Richard Kastle Official Website
Bio
Richard Kastle began piano lessons at 10-years-old studying with Mary Anne Quick. She was quoted in the Miami Herald saying, "He's a musical genius. He walked in and played the Hungarian Rhapsody by Franz Liszt after hearing it in a cartoon. Back then, he couldn't even read music." As a teenager, he studied with Ivan Davis, Artist in Residence at the University of Miami and student of Horowitz. Davis was quoted in the LA Times saying, "He was a very bright boy with lots of technical facility. Very talented." Kastle composed his first piano concerto at 14 and performed it the next year. The city of Hialeah, Florida, recognized Kastle's accomplishments by naming March 30, 1976, "Richard Kastle Day." 

He continued studying with Davis while a piano major at the University of North Texas where he studied with Larry Walz.
 After moving to Los Angeles, he studied film scoring at UCLA with Academy Award nominated composer Walter Scharff.

In the late 1980's, Kastle had a big impact on the music scene in Venice Beach, California, where he gained notoriety as the rebel of classical music, attracting surfers and punkers to monthly piano recitals. He performed a different program each month featuring classical standards along with his new symphonies and concertos. He ended each concert with Liszt's La Campanella or the second Hungarian Rhapsody. 

The LA Weekly commented, "He drove his teachers batty, the famed Ivan Davis among them, with fiendishly difficult arrangements of works already known as finger twisters. (His version of Liszt's 'La Campanella' etude is said to be impossible.)" 

The Venice Beach concerts received world wide acclaim with articles in American, European and Middle Eastern publications. He was invited to perform as the musical guest on a Canadian television show, CBC’s Pilot One. He made his network television debut in the United States on CBS's The Pat Sajak Show and had eight minutes of coverage on CNN. 

Virgin Records offered him a recording contract in 1991. He promoted his debut release, Streetwise, on numerous television shows, performing Batcave at Dusk on NBC's The Tonight Show and Liszt's Hungarian Rhapsody No. 2 on the Joan Rivers Show. He toured as the opening act for comedians Jay Leno and the late George Carlin. His live perfrormances and television appearances made him the top selling classical recording artist on Virgin. 
Cleveland Scene Magazine reported, "Streetwise became the biggest selling album on Virgin Classics."

In 1992, Virgin sent Kastle to London to record his fifth concerto with the Philharmonia Orchestra. The piece is also known as the "Royce Concerto." Entertainment Tonight interviewed him about his recordings with Virgin Records.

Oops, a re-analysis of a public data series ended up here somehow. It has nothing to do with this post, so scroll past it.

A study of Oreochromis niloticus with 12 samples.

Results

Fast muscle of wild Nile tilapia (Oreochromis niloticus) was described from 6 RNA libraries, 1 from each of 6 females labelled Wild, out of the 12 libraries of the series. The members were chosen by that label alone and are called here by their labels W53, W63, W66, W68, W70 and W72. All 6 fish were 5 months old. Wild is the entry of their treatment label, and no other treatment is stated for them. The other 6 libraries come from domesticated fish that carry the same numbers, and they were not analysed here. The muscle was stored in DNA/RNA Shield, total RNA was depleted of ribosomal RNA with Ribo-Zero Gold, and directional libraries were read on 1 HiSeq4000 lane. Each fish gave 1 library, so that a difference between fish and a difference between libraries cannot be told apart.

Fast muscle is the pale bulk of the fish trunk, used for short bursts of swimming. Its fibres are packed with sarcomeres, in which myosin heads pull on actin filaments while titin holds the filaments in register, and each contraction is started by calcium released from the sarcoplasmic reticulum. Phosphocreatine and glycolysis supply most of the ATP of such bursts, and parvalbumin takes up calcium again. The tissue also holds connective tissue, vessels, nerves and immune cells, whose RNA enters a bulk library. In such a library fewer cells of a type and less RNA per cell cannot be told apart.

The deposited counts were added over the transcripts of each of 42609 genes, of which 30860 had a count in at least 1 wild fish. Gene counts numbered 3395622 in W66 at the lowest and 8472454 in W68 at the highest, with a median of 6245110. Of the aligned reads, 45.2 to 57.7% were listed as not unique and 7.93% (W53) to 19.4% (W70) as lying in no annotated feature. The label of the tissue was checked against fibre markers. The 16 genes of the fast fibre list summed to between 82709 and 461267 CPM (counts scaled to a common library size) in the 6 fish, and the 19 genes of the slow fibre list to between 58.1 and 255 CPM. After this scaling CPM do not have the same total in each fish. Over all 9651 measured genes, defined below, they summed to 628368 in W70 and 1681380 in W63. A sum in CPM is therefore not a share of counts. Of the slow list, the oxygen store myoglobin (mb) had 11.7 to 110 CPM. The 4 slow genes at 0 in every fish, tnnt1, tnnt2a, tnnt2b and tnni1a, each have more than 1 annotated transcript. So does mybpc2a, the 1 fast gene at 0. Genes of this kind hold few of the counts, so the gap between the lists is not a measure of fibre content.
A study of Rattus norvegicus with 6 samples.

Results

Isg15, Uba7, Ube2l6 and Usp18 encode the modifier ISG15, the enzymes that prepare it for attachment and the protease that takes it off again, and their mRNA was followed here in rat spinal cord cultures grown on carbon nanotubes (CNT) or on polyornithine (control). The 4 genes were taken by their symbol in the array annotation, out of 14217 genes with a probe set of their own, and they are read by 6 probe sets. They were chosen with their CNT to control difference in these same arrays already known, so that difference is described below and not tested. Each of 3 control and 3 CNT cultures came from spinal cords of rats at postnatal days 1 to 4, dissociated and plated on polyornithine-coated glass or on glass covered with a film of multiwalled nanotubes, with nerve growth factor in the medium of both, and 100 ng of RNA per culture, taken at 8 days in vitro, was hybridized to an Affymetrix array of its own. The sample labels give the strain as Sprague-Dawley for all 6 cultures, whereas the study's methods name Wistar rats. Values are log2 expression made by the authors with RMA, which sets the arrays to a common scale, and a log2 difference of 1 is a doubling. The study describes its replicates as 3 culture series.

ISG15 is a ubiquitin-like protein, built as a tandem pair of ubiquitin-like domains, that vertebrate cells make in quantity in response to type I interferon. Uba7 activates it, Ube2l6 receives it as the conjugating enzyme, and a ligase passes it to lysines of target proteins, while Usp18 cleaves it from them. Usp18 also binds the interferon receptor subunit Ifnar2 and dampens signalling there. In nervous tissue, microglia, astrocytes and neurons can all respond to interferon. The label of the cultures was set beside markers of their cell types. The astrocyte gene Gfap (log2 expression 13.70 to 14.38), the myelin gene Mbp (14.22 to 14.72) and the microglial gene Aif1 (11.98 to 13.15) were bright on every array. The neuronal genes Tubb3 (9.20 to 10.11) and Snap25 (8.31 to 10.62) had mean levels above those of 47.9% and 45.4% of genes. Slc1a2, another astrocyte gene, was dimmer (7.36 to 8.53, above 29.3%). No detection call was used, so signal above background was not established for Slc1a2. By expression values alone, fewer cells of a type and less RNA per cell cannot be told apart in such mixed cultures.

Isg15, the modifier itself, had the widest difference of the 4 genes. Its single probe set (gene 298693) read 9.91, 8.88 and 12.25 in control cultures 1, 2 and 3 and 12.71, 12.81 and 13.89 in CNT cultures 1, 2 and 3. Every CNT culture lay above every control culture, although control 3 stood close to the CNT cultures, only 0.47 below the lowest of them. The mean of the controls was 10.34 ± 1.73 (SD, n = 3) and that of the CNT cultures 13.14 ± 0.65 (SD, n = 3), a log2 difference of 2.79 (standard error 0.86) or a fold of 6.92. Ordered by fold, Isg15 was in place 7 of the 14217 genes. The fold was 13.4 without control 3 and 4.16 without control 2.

Soon after the recording was finished, Richard Brandson sold his record label to EMI. European executives closed the New York offices and prevented Kastle from having a release or moving to another label. They also cancelled Virgin Record's plans to record Kastle's third symhony, whch is based on the sinking of the RMS Titanic. In 1997, the Royce Concerto was released by an independent label. Kastle performed additional shows with Jay Leno that year. 


Richard Kastle

Kastle conducted the premiers of his Symphony #5 and Titanic Symphony at Lincoln Center in 1999. He also appeared at Lincoln Center in 1996, performing a piano recital that included original compositions along with works by Beethoven, Chopin and Liszt. Kastle debuted his Piano Concerto #8 with an orchestra at Symphony Space in NYC in 2003. He  has continued to perform piano recitals in concert halls since the 1980's.

Symphony Venezia was constructed between 2001 and 2006. The work involved several trips to Venezia, where Kastle created most of the material between 2:00 AM and 4:00 AM in Paizza San Marco. The crowds of tourists and the associated noises made it almost impossible for the work to be created during the day.

He is currently creating his Piano Concerto #9, which will be his grandest concerto. The finale ends with virtuoso fireworks that are more difficult then the pianistic ability of modern day virtuosos, who lack the ability to fire out custom signals like the pianists from the past who were also composers.  

In 2012, CBS News interviewed him about his Titanic Symphony as part of the coverage of the 100th anniversary of the Titanic's sinking. Dic Press published a biography about Richard Kastle that year. The book was edited by Dismas Renald Apostolos. A second biography, written by Ronald Cohn and Jesse Russel, was published by Bookvilin Publishing last year.

In spite of the promise Kastle made on television to retire from virtuoso concertizing by age 40 in order to focus on composition, he still performs piano recitals on college campuses and for performing arts series. Another piano recital at Lincoln Center is currently in the works.